Singapore has announced plans to replace the nation’s 32 Airbus Helicopters AS332/532 Super Puma/Cougar helicopters within the next ten years.

“Our Super Puma helicopters…have been in service for almost 30 years,” said defence minister Ng Eng Hen in a speech to the country’s parliament. “They will need replacements and this will occur over the next decade.”

Ng made no mention of the number of airframes to be obtained, but it is believed that the number acquired could be substantially lower, perhaps half, of the existing fleet size. As of early 2015, it was not clear if a request for proposals had been issued for the requirement, or which manufacturers would be interested in responding.

Although Singapore’s Super Pumas and Cougars are very well maintained, industry observers say the ageing airframes probably impose a substantial maintenance burden, particularly given Singapore’s hot, humid climate and high utilisation rates. A newer, more maintenance-friendly aircraft would allow the country to operate fewer airframes.

Manufacturers such as Airbus Helicopters, Bell Helicopter, Sikorsky, and AgustaWestland are likely to vie for Super Puma replacement contract. At the 2014 Singapore air show, Boeing and Bell demonstrated the V-22 Osprey tilt-rotor aircraft, but it is not clear if Singapore is would need such a significant step change to its rotorcraft capabilities.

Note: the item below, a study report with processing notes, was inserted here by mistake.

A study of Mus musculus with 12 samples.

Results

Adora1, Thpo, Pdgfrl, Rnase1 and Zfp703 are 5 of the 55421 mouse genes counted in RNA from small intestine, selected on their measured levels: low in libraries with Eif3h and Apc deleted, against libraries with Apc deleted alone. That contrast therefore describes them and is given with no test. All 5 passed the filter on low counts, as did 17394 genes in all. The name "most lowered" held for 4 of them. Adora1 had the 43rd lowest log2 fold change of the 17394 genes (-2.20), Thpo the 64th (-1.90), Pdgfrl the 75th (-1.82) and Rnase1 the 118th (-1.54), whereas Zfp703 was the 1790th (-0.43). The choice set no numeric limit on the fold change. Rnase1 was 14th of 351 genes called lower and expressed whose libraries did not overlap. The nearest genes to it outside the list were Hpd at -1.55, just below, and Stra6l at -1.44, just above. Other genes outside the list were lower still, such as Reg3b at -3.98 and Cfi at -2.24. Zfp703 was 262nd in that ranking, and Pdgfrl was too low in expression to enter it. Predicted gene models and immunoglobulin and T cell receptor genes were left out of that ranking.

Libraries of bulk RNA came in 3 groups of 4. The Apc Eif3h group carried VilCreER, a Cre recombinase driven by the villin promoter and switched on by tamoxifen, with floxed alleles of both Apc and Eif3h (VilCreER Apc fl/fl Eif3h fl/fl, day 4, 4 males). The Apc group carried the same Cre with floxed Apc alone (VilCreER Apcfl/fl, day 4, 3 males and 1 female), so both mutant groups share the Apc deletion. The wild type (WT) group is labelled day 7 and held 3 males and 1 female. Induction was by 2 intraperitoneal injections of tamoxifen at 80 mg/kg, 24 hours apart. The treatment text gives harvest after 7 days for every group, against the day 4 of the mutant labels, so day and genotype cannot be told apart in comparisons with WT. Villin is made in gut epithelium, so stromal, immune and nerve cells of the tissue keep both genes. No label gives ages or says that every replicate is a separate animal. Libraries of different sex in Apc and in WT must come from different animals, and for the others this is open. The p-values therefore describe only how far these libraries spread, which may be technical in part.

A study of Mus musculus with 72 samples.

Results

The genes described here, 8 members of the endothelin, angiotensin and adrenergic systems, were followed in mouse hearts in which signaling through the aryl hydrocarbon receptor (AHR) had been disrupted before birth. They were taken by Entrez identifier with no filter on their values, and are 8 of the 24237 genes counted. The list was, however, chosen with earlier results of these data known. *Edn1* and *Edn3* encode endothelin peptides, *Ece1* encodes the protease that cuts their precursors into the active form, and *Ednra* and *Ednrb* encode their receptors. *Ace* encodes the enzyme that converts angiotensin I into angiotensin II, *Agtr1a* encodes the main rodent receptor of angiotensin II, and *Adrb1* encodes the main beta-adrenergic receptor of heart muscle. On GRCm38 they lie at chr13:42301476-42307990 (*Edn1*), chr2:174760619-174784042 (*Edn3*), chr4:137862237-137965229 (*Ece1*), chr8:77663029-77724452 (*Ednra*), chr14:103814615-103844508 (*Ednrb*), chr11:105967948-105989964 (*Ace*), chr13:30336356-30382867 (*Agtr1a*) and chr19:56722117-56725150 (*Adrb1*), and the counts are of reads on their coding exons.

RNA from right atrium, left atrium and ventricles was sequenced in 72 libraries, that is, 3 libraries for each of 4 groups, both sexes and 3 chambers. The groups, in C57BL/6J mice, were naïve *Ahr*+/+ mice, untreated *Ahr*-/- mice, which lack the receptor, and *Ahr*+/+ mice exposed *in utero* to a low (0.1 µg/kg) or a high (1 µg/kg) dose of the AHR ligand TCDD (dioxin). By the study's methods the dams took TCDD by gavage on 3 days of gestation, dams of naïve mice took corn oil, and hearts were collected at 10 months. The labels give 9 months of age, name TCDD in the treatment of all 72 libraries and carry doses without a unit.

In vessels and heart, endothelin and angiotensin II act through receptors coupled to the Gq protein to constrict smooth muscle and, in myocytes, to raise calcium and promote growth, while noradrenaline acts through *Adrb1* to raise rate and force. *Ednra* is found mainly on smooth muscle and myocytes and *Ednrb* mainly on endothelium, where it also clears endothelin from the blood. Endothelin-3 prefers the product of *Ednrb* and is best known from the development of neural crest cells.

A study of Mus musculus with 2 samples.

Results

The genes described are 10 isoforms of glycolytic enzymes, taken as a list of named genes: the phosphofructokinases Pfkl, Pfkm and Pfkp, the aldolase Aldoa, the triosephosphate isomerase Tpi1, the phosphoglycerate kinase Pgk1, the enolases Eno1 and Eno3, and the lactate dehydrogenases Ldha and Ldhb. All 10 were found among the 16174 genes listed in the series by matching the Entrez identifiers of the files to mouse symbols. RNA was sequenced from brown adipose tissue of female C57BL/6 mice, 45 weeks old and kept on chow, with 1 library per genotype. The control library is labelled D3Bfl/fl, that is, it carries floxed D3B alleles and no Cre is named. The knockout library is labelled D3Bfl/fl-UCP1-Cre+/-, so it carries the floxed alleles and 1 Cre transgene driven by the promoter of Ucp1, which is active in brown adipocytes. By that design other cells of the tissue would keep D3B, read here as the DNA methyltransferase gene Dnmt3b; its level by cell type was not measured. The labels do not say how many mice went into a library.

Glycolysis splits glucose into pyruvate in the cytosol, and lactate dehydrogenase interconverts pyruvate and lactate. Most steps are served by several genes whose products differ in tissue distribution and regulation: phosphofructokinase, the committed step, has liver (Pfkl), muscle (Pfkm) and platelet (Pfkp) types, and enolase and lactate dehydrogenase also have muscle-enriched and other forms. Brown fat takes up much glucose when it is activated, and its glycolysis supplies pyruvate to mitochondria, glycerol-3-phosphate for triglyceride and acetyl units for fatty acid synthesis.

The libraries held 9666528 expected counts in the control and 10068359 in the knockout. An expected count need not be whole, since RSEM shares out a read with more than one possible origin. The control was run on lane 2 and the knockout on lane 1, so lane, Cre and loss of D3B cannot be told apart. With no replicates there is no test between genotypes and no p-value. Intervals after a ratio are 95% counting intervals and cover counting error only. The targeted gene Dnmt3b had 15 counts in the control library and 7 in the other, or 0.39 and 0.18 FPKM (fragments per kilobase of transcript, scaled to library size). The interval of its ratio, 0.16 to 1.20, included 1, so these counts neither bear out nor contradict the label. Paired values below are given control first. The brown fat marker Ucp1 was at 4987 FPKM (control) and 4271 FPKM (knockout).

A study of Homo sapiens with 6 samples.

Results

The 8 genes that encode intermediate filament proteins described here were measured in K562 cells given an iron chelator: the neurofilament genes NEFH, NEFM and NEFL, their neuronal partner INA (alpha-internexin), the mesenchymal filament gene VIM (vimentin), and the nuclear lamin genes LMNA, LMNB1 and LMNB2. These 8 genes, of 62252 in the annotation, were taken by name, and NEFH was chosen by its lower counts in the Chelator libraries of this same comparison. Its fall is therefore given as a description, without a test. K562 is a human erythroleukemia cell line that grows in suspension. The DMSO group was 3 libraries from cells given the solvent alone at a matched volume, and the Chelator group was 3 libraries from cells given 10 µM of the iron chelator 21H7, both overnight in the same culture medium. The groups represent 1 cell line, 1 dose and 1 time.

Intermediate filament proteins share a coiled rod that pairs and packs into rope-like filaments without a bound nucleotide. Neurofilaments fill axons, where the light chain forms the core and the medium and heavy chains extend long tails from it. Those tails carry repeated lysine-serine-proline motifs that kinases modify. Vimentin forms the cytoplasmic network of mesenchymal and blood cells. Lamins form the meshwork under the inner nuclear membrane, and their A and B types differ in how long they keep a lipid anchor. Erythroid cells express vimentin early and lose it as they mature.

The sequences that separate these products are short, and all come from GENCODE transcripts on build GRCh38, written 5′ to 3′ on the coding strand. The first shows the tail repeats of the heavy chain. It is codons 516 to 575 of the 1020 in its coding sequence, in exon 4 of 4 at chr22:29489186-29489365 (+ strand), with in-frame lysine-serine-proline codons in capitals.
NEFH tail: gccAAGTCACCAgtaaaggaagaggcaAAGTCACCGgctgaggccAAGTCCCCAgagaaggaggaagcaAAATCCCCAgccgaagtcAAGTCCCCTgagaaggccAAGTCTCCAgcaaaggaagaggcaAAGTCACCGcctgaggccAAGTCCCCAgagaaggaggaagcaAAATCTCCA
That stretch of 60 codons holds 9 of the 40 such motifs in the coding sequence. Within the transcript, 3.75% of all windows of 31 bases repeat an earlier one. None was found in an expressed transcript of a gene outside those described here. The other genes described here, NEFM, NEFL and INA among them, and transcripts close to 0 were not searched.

Ng made no mention of the country’s plans to obtain the Lockheed Martin F-35 Lightning II, or an upgrade programme for the country’s fleet of 60 F-16 C/D Block 52 fighters. The latter are to receive new active electronically scanned array (AESA) radars and upgraded avionics.

In January 2014, the US Defense Security Cooperation Agency (DSCA) issued details about Singapore’s F-16 upgrade programme. The proposed package is worth $2.4 billion, and includes 70 active AESA radars, an avionics upgrade, and a small number of guided weapons for testing and integration purposes.

Lockheed and Northrop are believed to be the parties tapped to upgrade the aircraft, with Lockheed conducting the avionics work and Northrop supplying its Scalable Agile Beam Radar (SABR). The upgrade programme could possibly involve local MRO firm ST Aerospace, which has been involved in upgrading Singapore air force assets in the past.